Noises Off

The 'vital beat' is missing from this Old Vic touring production of Michael Frayn's farcical comedy

Michael Frayn has described the experience of writing Noises Off as akin to trying to make a sculpture out of jelly – every time you change something in one of the acts, it bulges out in the other two.

Frayn's vivid analogy is aptly made. Premiered in 1982, this intelligent, intricately structured comedy is a play within a play within a play, in which Frayn ingeniously packs one act into three – or three into one, depending on how you look at it.

The notion sprang to mind when he was standing in the wings watching The Two of Us, a farce he had written for the late Lynn Redgrave. He was struck by the fact that the behind-the-scenes shenanigans were even funnier than the scenarios seen by the audience and he figured that it would be amusing to attempt to write something comic from a backstage perspective.

And so emerged Nothing On, a fictional riot of misunderstandings, mistaken identities and misplaced sardines, which forms the bedrock of Noises Off. In pursuing this fiendishly clever conceit down to the last detail, Nothing On even carries its own authentic programme integrated into the main programme notes of every performance.

Lindsay Posner's award-winning production for the Old Vic successfully transferred to the West End, and a recast touring version is currently on the 14th stop of a 17 venue tour around the UK and Ireland – the first time that Kevin Spacey's company has embarked on such an undertaking.

In a dizzying series of Chinese puzzles, act one sees a frustrated director rehearsing the opening scene of Nothing On and counting down the minutes to opening night with a bunch of misfit actors, who are unsure of their lines and cannot even enter and exit on cue.

Act two is the same scene repeated, but this time set backstage during a mid-week matinee in Ashton-under-Lyne, where an audience of pensioners appear blissfully unaware of the real life melodrama unravelling behind the opening and closing doors.

Act three is yet another re-run of the scene at the end of the tour, when the enmities and conflicts that have been simmering during the past weeks explode onto the stage, shattering the plotline and leaving the cast floundering in ad lib hell.

It takes a strong cast to pull off the demands of this physically draining play, which not only sends up the acting fraternity something rotten but also exposes uncertainties, anxieties and dependencies among a group of human beings, who make a living out of pretending to be someone else.

All seven actors commit sincerely to their characterisations but, at this stage of the tour, there is a sense that, like the cast of Nothing On, a touch of road fatigue is starting to set in.

In Peter McKintosh's glossy set, Neil Pearson – who spends most of act one shouting instructions from the auditorium – skilfully captures the mounting desperation of director Lloyd Dallas, who has done just about all he can do with this collection of third-raters and whose attention is now focused on his next job, a new production of Richard III, which will bring its own burdens.

Suave, smug and sarcastic, Lloyd is also a sexual predator, who paints himself into an awkward corner between stage manager Poppy (a somewhat one-note Danielle Flett) and air-headed Brooke (Thomasin Rand). However, the latter relationship is uncomfortably skewed by Rand opting to play Brooke less as a pragmatic actress, who willingly strips to her underwear in the course of her job, than as a goofily innocent young woman at the mercy of exploitative men.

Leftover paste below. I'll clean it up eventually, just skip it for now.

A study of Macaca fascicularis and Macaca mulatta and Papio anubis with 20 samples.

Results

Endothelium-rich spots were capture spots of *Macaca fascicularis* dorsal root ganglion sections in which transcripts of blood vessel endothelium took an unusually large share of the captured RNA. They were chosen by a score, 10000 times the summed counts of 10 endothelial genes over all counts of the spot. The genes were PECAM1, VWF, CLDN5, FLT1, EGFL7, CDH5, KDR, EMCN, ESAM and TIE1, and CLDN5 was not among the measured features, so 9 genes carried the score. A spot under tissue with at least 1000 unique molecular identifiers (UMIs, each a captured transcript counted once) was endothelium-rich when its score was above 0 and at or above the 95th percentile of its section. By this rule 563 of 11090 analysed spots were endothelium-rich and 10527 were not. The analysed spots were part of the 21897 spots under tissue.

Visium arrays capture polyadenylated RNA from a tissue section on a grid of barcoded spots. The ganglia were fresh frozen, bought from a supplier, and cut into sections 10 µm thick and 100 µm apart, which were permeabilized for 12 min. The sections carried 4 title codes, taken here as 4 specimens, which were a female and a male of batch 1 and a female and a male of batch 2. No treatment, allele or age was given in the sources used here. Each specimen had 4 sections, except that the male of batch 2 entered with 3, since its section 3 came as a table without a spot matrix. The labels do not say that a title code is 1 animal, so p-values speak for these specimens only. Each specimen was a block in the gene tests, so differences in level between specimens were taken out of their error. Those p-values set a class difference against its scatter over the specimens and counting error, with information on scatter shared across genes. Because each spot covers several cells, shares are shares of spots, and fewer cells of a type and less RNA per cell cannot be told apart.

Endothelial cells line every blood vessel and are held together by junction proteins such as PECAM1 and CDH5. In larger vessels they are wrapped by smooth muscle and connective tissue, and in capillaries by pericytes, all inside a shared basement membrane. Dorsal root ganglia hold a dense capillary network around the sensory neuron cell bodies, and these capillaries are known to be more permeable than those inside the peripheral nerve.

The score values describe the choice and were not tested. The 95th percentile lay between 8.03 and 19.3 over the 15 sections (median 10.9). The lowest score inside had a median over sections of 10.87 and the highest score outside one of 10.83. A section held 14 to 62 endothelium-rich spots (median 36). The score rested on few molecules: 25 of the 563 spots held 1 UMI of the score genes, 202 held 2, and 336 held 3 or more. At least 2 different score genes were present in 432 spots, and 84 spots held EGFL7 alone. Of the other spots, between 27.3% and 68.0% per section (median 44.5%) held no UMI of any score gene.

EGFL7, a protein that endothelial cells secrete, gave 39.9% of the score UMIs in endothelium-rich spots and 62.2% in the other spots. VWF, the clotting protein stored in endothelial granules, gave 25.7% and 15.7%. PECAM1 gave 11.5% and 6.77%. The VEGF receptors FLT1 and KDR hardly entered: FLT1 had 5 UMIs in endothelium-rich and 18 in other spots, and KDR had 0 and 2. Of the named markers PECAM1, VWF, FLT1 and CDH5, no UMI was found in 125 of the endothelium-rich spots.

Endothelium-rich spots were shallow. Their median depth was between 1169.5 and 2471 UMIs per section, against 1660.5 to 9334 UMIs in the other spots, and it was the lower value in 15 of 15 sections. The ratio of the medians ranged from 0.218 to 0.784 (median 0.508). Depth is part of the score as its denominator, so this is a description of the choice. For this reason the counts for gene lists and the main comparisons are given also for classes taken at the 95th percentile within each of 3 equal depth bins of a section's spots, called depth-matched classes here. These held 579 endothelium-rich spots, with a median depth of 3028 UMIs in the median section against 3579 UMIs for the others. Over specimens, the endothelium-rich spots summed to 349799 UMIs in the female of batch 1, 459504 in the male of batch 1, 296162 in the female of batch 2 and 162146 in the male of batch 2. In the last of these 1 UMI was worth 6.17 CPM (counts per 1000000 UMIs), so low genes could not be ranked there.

Veteran actor Geoffrey Freshwater is sweetly appealing as the elderly Selsdon, whose lifestyle revolves around trips to the pub, visits to the lavatory and error-strewn stage entrances. He is quite the pet of Sasha Waddell's cut-glass Belinda, a real trouper, the head girl of the cast, encouraging, supporting and nursing Chris Larkin's inadequate, abandoned Freddie through the wreckage of his performance and his disintegrating marriage.

Maureen Beattie is splendid as the well-named Dotty, confused beyond belief both by the comings and goings of her role as the put-upon housekeeper and by her fraught affair with younger leading man Gary Lejeune (David Bark-Jones). She pulls out all the stops in the mayhem of act two, delivering a masterclass of physical and expressive comedy.

But for all its speed and hysteria, the scene as a whole seems to lack the usual levels of spontaneity and unpredictability. The combined brilliance of script and stage directions have the power to reduce audiences to total helplessness on the basis of their not knowing what unforeseen disaster is about to materialise next

While the helper-skelter plot and quick fire repartee proceed apace and prompt widespread waves of laughter, a few glitches in diction cancel out some of the play's funniest lines. There is no doubting the quality of the production and, of course, the play's 30-year old credentials stand unchallenged.

Despite the effort and dedication invested by the cast, the subtlety of the humour feels overworked and telegraphed en route to the climax of the big set-pieces and, somewhere along the line, a vital beat appears to be missing in the delivery of Frayn's fast and finely-tuned comic precision.